Published: Sun, January 13, 2019
Research | By Raquel Erickson

Hubble Space Telescope's premier camera shuts down

Hubble Space Telescope's premier camera shuts down

The quasar gets its brightness from a supermassive black hole: material from a disk of gas surrounding the black hole falls in, leading to blasts of energy at many different wavelengths, according to the statement.

"The detection of this peculiar source in the faraway universe is a major discovery for a surprising reason", said Yale postdoctoral associate Fabio Pacucci, co-author of a study which will be published in The Astrophysical Journal Letters, as well as lead author of a follow-up paper on the theoretical implications of the discovery. "We don't expect to find many quasars brighter than that in the whole observable Universe!".

Even though you might think it would be impossible to miss, the Hubble Space Telescope was only able to spot it thanks to the recently harnessed ability to observe gravitational lensing.

Astronomers said it is by far the brightest quasar discovered so far in the early universe.

Named after the American astronomer Edwin Hubble, the veteran telescope has been cranking away for more than quarter of century since it was launched in 1990.

Catalogued as J043947.08+163415.7, it is so old the light being received from it started its journey when the universe was only about a billion years old. However, it is still not known for certain which objects provided the reionising photons.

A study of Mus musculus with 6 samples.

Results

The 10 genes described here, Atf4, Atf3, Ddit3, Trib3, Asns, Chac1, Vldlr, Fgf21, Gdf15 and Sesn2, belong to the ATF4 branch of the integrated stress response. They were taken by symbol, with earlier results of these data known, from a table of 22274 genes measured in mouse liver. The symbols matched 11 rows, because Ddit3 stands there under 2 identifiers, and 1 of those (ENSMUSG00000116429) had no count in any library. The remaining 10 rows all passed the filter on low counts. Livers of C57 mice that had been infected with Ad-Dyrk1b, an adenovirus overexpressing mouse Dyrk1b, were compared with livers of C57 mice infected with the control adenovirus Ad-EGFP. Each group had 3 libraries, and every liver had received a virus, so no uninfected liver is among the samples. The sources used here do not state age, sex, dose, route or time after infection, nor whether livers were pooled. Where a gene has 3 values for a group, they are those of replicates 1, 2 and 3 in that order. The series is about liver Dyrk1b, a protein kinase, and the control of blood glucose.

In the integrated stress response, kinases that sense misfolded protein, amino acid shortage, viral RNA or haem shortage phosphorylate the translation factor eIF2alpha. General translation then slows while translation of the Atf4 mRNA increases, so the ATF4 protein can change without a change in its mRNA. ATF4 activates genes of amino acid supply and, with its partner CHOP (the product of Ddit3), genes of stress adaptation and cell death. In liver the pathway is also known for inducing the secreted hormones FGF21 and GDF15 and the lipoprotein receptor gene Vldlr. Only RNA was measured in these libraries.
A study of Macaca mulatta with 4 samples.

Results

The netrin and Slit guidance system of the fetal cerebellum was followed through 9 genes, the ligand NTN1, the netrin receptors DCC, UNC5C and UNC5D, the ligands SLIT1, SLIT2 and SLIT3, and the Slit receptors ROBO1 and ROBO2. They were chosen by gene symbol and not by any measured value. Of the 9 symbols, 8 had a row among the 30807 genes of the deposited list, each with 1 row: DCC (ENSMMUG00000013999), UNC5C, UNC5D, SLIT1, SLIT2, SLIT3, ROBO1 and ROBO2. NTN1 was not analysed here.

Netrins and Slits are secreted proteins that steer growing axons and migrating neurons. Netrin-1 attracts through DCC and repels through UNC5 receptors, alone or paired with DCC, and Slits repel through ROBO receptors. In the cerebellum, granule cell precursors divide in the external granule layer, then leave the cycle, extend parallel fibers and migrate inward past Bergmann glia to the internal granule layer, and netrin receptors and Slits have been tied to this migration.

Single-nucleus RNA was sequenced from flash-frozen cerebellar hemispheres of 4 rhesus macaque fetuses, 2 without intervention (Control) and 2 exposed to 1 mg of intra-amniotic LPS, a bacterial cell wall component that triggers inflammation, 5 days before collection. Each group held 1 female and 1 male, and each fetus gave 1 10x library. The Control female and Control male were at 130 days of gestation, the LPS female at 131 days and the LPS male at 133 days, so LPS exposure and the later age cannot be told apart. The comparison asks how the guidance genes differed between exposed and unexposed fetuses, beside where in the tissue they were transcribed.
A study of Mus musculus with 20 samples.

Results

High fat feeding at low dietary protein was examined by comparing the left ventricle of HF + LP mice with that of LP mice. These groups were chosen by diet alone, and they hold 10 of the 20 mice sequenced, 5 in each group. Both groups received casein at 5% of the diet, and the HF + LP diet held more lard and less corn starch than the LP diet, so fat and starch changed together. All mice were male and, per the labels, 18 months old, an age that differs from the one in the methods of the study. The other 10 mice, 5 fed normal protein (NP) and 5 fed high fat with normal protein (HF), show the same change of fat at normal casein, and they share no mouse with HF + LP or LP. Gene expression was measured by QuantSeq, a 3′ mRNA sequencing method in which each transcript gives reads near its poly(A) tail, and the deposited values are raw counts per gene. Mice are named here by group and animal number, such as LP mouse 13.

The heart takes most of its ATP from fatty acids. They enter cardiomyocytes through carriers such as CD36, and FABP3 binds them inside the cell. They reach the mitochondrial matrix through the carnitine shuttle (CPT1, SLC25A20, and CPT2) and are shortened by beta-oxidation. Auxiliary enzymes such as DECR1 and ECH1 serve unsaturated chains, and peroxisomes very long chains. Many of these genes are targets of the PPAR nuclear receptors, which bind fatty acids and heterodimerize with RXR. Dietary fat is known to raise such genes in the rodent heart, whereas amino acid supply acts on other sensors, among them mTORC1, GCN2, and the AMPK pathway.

Gemini data contained the tell-tale signature of magnesium which is critical for determining how far back in time we are looking as well as aiding in the determination of the mass of the black hole powering the quasar. Energetic objects such as this newly discovered quasar could help to solve this mystery.

Scientists will begin gathering data on the quasar including using the European Southern Observatory's Very Large Telescope to try to identify the chemical composition and temperatures of intergalactic gas in the early universe.

Tuesday's hardware failure happened in the telescope's wide-field camera, which was installed by spacewalking astronauts in 2009.

Learning more about this quasar, which also appears to be producing 10,000 stars per year, can teach researchers more about this distant but pivotal time in history, when the first stars and galaxies were kindling and shaping the universe to what we know today.

[2] The brightness of the quasar includes the magnification factor of 50. It shines with light equivalent to 600 trillion suns and is located 12.8 billion light-years from Earth.

[3] Because of the boosting effect of gravitational lensing, the actual rate of star formation could be much lower.

All servicing missions for Hubble have been completed by NASA's space shuttles.